Two men in Yellowknife have been convicted for cashing fake cheques worth thousands of dollars, but not everybody thinks they should be held criminally responsible.

Forty-four-year-old Michael Mantla has schizophrenia.

He was homeless and poor in October when two men asked him to cash fake cheques worth more than $10,000.

RCMP have not identified the two men, who kept most of the cash.  

On April 17, Mantla was convicted of fraud for using the fake cheques at Money Mart and CIBC. He was sentenced to two years probation and ordered to pay back roughly $1,500.

Lydia Bardak is executive director of the John Howard Society in Yellowknife.

She says Mantla was a target, and shouldn't be prosecuted as a criminal.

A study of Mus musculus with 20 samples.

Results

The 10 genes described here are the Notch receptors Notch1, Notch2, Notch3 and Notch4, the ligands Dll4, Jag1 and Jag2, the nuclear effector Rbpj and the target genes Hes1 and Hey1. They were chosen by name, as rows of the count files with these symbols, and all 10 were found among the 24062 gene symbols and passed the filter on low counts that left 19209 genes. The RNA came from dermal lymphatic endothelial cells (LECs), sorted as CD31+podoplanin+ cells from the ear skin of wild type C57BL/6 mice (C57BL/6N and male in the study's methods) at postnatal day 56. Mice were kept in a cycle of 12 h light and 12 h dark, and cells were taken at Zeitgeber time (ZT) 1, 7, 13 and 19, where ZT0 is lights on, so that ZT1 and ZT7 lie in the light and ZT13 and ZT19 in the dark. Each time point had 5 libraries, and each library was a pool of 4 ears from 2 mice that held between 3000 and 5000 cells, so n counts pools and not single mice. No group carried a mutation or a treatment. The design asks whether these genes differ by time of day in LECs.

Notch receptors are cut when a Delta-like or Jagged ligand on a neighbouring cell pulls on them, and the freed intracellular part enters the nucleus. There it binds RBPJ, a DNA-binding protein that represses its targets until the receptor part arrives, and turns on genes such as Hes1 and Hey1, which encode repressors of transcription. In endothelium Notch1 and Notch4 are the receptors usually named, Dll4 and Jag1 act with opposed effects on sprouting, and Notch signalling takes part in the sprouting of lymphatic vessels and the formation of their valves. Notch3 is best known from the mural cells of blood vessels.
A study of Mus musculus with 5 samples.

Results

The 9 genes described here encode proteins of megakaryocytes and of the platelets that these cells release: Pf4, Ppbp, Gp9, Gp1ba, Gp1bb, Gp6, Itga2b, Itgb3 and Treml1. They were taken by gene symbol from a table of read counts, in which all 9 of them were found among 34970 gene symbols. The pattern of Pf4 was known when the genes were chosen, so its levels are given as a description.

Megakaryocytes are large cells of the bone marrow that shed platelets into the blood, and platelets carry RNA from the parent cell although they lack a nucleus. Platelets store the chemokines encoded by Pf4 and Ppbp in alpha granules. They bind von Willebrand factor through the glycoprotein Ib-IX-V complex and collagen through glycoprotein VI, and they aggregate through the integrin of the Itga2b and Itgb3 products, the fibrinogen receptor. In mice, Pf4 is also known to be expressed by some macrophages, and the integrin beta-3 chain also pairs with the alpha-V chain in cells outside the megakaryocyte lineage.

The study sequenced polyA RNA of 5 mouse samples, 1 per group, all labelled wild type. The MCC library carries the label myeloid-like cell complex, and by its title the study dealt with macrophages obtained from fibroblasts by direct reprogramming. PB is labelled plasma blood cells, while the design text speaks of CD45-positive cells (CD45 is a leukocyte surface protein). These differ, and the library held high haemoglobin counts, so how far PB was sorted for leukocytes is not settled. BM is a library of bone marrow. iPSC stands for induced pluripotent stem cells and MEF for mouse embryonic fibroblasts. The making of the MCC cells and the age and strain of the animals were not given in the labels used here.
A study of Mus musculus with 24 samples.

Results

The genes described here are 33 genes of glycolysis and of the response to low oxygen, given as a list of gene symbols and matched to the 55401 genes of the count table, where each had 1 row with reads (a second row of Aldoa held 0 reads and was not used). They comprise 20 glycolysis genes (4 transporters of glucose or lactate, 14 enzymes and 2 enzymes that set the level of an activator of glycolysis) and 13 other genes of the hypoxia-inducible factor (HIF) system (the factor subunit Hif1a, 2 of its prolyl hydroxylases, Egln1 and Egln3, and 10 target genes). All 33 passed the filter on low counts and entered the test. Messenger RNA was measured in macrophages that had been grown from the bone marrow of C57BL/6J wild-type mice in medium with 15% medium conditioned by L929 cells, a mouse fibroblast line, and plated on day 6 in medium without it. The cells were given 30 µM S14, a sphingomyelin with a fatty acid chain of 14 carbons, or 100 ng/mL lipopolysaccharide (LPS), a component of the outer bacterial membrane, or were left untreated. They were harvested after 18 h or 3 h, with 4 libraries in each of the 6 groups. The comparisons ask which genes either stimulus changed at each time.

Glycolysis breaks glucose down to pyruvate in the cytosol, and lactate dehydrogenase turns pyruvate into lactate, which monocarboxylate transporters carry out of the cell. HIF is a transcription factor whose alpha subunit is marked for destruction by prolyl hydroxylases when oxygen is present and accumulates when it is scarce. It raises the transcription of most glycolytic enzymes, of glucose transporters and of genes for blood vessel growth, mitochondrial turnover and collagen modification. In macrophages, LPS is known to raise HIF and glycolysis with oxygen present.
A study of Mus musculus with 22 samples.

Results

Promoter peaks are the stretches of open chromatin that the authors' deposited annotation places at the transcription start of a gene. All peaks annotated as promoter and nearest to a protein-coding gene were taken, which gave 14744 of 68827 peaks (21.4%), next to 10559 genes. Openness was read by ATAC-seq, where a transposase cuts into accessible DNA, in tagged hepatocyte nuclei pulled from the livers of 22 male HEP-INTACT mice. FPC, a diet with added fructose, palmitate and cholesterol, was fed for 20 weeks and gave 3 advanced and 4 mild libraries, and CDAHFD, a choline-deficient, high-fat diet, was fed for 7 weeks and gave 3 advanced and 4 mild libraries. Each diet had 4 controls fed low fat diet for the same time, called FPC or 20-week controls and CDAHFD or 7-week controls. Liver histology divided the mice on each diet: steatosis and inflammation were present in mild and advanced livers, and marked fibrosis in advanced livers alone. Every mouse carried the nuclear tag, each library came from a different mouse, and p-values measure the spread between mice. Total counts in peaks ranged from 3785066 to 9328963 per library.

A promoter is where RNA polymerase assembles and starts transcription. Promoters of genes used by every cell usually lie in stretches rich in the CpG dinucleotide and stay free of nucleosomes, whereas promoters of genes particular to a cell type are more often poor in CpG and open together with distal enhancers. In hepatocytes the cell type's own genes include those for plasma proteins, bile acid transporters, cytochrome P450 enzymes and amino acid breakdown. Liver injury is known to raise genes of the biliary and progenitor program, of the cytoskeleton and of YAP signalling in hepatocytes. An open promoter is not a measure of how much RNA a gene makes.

“Somebody who's living in poverty, homeless, it could be somebody who has addictions or substance abuse issues,” she says. “The prospect of making an easy $50? Who wouldn't say yes to that?”

Bardak says the criminal sentence will do more harm than good.

“We're talking about homeless people or unemployed individuals having to pay large restitution orders,” she says. “They cannot get a clean criminal record check now with their conviction and they won't be able to get a record suspension while they still have an outstanding restitution order.”

Mark Feldthusen was the Crown prosecutor in Mantla's case.

“The personal circumstances and the role of the offender were considered at the sentencing hearing. That being said, the fact that others were involved does not negate one's criminal liability,” Feldthusen says.

The second homeless man was convicted earlier this month.